Eugene T. Gendlin, PhD, is an American philosopher and psychotherapist who developed ways of thinking about and working with living process, the bodily felt sense and the 'philosophy of the implicit'. Gendlin received his Ph.D. in philosophy in 1958 from the University of Chicago where he became an Associate Professor in the departments of Philosophy and Psychology.
His philosophical work is concerned especially with the relationship between logic and experiential explication. Implicit intricacy cannot be represented, but functions in certain ways in relation to philosophical discourse. The applications of this "Philosophy of the Implicit" have been important in many fields.
His philosophical books and articles are listed and some of them are available from this web site. They include Experiencing and the Creation of Meaning, (in paperback) and Language Beyond Post-Modernism: Saying and Thinking In Gendlin's Philosophy (edited by David Levin) , both from Northwestern University Press, l997 and A Process Model.
Lynn Hoffman, A.C.S.W., is an internationally renowned theorist and lecturer on family therapy who has written many books and articles including Techniques of Family Therapy, Foundations of Family Therapy, Milan Systemic Family Therapy and Exchanging Voices. She is currently Consultant to the Center for Collaborative Studies at North Central Human Services in Gardner, Mass., and serves on the faculty of the doctoral program at Smith School of Social Work. She is an emeritus faculty member of the Ackerman Institute for Family Therapy in New York. In 1988, Hoffman was awarded the Life Achievement Award for Distinguished Contribution to the Field of Family Therapy by the American Association for Marriage and Family Therapy. She is an advisory editor of Family Process. She received her M.S.W. in 1971 from the Adelphi School of Social Work.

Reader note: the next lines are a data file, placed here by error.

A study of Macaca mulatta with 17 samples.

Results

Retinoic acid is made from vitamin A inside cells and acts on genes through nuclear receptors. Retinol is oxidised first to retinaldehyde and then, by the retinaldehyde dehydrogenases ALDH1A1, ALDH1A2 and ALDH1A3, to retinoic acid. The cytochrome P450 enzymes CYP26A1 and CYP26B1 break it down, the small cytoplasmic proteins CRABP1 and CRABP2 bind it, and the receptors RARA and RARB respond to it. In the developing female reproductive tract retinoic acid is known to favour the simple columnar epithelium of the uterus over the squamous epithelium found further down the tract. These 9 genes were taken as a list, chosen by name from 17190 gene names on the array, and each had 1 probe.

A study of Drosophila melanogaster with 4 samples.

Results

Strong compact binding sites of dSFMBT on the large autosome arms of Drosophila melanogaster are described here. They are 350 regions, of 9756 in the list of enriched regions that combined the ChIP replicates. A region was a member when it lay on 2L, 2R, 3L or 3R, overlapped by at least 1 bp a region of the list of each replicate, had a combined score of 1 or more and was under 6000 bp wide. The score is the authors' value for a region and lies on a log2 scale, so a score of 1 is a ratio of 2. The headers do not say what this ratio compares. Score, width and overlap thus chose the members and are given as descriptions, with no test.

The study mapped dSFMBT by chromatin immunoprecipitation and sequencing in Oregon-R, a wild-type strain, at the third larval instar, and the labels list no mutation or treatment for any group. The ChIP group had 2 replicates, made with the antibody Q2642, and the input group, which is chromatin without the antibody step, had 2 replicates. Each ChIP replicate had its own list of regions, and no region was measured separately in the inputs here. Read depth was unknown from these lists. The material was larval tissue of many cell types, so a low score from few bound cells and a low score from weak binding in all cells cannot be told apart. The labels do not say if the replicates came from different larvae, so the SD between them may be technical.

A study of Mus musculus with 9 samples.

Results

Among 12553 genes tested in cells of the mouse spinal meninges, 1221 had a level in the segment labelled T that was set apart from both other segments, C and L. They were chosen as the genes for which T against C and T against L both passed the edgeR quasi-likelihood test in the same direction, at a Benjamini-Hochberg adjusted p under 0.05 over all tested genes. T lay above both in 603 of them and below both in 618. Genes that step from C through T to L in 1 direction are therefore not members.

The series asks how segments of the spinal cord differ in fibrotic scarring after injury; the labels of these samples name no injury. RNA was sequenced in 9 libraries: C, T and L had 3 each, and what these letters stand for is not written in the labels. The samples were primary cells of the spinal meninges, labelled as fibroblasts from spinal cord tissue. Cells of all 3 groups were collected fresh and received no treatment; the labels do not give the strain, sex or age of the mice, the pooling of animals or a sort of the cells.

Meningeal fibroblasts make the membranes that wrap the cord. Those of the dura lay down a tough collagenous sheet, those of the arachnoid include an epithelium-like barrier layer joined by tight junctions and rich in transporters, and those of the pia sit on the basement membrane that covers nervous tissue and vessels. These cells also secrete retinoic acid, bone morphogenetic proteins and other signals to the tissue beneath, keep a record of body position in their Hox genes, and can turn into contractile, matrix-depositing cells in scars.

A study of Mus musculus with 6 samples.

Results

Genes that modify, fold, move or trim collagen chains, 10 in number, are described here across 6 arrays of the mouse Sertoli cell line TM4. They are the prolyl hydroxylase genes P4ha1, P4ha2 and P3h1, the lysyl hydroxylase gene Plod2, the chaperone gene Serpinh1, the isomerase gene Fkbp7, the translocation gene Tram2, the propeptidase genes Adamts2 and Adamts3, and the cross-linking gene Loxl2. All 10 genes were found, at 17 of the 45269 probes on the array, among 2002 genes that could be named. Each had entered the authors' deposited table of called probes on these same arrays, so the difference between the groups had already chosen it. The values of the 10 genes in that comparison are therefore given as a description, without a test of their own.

Donald Meichenbaum, Ph.D in Clinical Psychology is currently Research Director of Melissa Institute for Violence Prevention, Miami (melissainstitute.org). He is one of the founders of cognitive behavior therapy. He was voted one of the most influential psychotherapists of the 20th century. Latest books include "Roadmap to Resilience" (www.roadmaptoresilience.com) and "Evolution of Cognitive Behavior Therapy: A Personal and Professional Journey."
Francine Shapiro, Ph.D., is the originator and developer of EMDR, which has been so well researched that it is now recommended as an effective treatment for trauma in the Practice Guidelines of the American Psychiatric Association, and those of the Departments of Defense and Veterans Affairs. Dr. Shapiro is a Senior Research Fellow Emeritus at the Mental Research Institute in Palo Alto, California, Executive Director of the EMDR Institute in Watsonville, CA, and founder and President Emeritus of the Trauma Recovery EMDR Humanitarian Assistance Programs, a non-profit organization that coordinates disaster response and low fee trainings worldwide.